When it comes to leg day, I would rather run an extra five miles. The thought of knowing that tomorrow will hurt when I sit down or walk down stairs doesn’t excite me one bit. Yet, that’s why we do it right? No, not the part where you feel like your lower extremities are mutilated. I mean the sit down and stairs part. Without leg day, you would not only look like a chicken, but you may regret it later on in life when you start crying out like Bubba in Forest Gump, “I can’t feel my legs! I can’t feel my legs!” (Wait, we might be doing this already after leg day.) What I’m trying to say is that if we don’t strengthen our legs, we’re prone to future weakness that can lead to not being able to sit down, stand up, or even walk, let alone climb stairs.
You may say, “but Doug, if you run that extra five miles, aren’t you building up your leg strength that way?” The simple answer; no. If I need to push my car home because it dies just a hundred yards from my driveway, running five more miles isn’t going to give me the right kind of strength to get my car home. Ok, that’s an extreme example, but you get the idea. Your body not only needs muscular endurance (running), but it also needs muscular strength (weights), hence, leg day.
Let me break it down for you. Your muscles have two types of fibers; slow twitch and fast twitch. You may have also heard of them called white and red fibers. Our bodies contain both sets and most of us have more of one type, however, we must remember that we do have both kinds. When we lift weights or perform resistance training, we’re primarily targeting our fast twitch muscles. These are the muscles that allow us to get off the toilet, sit down without collapsing into the chair, and climbing that flight of stairs. If you want to stay independently functional (not having to use a walker or worse a wheelchair) I would suggest continuing with leg workouts, or if you haven’t started one yet, it’s not too late; even if you’re in your later years.
I would like to explain the purpose of the major leg muscles and then identify the five exercises that I feel are the best to target all of them.
These are the muscles of your butt, tush, rump, whatever you want to call your backside. These muscles consists of your gluteus minimus and maximus. Their purpose is to help your thigh extend backwards and for your hip to straighten back up from a flexed position (think standing up from a chair).
The quadriceps consists of four muscles (obviously, right?); vastus medialis, vastus lateralis, vastus intermedius, and rectus femoris. (Click the link above to find each muscle labeled) Just a quick side note. I have heard from a couple of people who I have worked with and met in passing that some trainers have told them that they have a “teardrop” muscle which only certain people can have. I don’t know what the point of this statement was, but I would like to set the record straight. Everyone has the “teardrop” muscle in their quadriceps. This is otherwise known as the vastus medialis (red colored muscle in diagram). If someone tells you that you’re one of the few that have that muscle, please enlighten them.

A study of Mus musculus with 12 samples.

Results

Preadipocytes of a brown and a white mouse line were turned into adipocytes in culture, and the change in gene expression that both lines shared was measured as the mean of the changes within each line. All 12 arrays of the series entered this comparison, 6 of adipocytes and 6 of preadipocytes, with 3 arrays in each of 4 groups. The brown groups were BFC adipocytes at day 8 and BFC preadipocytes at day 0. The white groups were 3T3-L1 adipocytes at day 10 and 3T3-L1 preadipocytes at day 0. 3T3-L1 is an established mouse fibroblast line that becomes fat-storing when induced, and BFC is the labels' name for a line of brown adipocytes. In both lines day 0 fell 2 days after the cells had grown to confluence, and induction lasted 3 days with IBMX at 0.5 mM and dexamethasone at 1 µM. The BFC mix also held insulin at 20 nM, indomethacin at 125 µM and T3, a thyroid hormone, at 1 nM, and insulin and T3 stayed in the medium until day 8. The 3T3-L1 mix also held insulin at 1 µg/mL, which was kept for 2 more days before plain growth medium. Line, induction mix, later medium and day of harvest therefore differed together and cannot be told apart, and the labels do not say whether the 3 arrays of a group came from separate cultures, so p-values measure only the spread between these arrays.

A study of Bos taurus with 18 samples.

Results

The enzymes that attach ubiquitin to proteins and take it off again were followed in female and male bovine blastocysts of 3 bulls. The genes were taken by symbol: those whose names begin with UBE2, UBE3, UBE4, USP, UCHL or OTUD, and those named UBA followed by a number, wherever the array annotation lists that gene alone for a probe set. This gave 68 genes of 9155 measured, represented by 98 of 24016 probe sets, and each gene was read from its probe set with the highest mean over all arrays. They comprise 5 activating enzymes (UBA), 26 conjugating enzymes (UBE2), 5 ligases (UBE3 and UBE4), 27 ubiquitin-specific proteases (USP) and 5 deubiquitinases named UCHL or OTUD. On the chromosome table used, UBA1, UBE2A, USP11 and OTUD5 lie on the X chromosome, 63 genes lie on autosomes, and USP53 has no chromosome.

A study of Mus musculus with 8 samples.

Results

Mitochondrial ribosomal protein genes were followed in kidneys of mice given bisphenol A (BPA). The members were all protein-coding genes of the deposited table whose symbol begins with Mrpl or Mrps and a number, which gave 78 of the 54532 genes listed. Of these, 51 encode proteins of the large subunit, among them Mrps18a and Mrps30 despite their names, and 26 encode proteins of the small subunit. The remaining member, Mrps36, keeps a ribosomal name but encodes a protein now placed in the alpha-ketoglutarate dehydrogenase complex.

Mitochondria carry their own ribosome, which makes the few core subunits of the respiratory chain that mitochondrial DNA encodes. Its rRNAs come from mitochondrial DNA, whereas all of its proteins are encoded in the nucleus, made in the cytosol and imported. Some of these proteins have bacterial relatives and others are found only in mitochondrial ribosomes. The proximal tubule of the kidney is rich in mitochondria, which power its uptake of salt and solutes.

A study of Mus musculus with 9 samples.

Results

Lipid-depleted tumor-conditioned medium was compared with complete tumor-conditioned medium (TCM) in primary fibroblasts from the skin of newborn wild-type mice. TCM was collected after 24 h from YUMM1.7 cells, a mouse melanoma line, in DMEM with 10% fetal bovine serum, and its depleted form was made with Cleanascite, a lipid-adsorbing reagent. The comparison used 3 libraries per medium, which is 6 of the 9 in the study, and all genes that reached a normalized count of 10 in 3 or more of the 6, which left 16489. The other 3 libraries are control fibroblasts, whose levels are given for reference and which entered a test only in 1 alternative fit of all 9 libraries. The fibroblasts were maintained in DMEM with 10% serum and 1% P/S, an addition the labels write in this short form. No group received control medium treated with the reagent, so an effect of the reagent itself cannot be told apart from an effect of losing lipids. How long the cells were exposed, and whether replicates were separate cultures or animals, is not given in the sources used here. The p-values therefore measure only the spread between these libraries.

The purpose of the quadriceps are to extend your lower leg below the knee (ex. Kick a ball). It also allows you to lower yourself into a seated position.
The hamstrings consist of three muscles; semitendinosus (green), semimembranosus (blue), and biceps femoris (red). The hamstrings contract the lower leg backwards.
The gastrocnemius, a.k.a calf muscle, allows you to rise your heels off the ground. To note, many people have an overactive gastrocnemius, especially if you’re someone who wears high heels.
Working all these major muscles of the leg will keep you moving in the right direction; literally. Here are the five best leg exercises to target these muscles.
- Dumbbell/Barbell Squat
- Prone Hamstring Curl
- 4-Way Lunge
- Weighted Bridges
Even though I would prefer to run five extra miles than kill my legs with weights, I know the benefits of having strong legs. There isn’t any other way to get my legs to gain strength to get up and walk out of my house. So yes, if you want to leave your home fully capable on your own, don’t forget leg day.